Today, March 6, is the 100th anniversary of the Oreo cookie, now sold in 100 countries throughout the world. You can celebrate at the Nabisco page, read about it at The New York Times, and get a coupon for a free Dairy Queen Oreo Blizzard. The first version of these cream-filled chocolate cookies rolled off the factory line on March 6, 1912, at the Nabisco factory in New York City (Nabisco is now part of Kraft Foods). On that very day, the doomed Scott expedition was slogging towards its tragic demise in Antarctica.
I happen to love these cookies (biscuits to you Brits), though I almost never buy them.
Fun Oreo facts:
- Half the people who eat them separate the cookies and eat the cream filling separately (I am not one of these miscreants)
- 491 billion Oreos have been sold in the century since their introduction
- Oreos are the best-selling cookie of the 20th century
- According to Wikipedia, “The Oreo was originally called the Oreo Biscuit. The name was later changed to the Oreo Sandwich in 1921. In 1948, the name was changed again to the Oreo Creme Sandwich. It was then changed to the Oreo Chocolate Sandwich Cookie in 1974.”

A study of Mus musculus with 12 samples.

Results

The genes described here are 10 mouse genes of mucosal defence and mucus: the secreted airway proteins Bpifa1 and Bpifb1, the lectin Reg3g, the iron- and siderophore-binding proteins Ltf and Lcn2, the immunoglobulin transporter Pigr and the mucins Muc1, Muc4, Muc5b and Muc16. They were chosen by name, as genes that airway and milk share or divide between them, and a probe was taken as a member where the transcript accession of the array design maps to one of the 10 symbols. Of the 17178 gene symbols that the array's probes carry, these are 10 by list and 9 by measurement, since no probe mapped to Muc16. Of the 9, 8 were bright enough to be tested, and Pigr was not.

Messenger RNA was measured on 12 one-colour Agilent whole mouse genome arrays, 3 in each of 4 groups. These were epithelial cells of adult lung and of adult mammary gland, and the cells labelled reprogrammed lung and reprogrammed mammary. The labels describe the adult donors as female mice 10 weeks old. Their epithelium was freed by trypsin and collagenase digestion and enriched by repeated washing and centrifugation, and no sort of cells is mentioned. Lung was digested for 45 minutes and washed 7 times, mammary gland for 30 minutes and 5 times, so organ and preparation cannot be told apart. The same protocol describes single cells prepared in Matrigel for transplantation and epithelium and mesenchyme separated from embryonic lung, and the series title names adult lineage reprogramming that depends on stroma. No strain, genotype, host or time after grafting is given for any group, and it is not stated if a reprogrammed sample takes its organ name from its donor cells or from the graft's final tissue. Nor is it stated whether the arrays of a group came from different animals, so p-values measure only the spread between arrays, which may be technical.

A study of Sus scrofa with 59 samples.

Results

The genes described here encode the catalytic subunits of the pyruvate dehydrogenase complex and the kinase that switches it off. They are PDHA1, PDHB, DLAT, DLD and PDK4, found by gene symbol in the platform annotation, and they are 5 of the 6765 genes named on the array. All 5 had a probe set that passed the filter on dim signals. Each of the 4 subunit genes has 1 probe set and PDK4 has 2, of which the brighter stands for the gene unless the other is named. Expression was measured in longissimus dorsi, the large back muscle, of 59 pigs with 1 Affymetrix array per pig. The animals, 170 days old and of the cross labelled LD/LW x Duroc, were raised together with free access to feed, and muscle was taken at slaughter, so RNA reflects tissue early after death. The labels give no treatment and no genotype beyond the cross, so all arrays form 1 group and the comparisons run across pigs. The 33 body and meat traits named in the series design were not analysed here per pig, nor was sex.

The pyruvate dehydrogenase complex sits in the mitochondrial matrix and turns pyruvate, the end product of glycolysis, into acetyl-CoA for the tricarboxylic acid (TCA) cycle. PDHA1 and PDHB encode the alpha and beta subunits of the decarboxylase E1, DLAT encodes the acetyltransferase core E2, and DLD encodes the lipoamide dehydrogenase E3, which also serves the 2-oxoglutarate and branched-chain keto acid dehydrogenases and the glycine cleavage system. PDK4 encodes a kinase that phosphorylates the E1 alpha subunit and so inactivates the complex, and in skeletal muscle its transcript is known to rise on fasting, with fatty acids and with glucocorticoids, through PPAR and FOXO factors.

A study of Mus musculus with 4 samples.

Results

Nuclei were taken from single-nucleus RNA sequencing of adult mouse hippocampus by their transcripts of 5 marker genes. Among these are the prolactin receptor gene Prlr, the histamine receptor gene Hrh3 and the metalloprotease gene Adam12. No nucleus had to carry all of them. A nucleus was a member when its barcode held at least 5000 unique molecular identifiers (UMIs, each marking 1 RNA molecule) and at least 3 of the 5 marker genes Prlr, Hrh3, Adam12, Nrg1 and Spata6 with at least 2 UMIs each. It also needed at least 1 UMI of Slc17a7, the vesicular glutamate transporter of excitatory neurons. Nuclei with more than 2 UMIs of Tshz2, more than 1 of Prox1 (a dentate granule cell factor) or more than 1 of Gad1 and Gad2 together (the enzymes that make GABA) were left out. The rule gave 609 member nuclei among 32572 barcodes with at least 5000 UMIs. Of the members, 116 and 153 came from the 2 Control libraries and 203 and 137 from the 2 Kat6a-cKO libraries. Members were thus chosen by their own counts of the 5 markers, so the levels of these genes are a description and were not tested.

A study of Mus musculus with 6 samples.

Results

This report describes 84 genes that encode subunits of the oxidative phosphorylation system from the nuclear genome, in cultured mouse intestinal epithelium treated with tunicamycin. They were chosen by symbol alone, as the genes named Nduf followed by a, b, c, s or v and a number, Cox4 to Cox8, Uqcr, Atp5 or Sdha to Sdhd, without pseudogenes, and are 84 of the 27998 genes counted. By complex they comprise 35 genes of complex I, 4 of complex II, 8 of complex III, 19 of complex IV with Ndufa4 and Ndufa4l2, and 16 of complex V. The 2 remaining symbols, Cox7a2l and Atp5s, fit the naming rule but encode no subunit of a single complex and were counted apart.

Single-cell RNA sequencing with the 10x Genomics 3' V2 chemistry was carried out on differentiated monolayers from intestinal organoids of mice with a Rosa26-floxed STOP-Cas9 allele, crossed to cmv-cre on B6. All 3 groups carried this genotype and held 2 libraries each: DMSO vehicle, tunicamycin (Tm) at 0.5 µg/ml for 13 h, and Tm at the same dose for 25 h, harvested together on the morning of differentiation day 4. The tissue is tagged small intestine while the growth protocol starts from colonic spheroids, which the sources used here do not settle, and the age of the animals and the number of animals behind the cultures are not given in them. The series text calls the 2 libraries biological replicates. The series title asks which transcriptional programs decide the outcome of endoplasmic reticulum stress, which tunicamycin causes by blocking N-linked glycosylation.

- We have no idea where the name “Oreo” came from
- Oreos are the best-selling cookie in China, which is the second largest national market after the U.S.
- And. . . much to my chagrin, other countries have cool Oreo flavors unavailable in the US. Here are some:
Orange and mango flavor from China:
Treat yourself to a package today—eschewing the grotesquely overladen “Double Stuf®” version—and don’t forget the milk.
BTW, black and white cats are sometimes called “oreo cats” and are often named Oreo.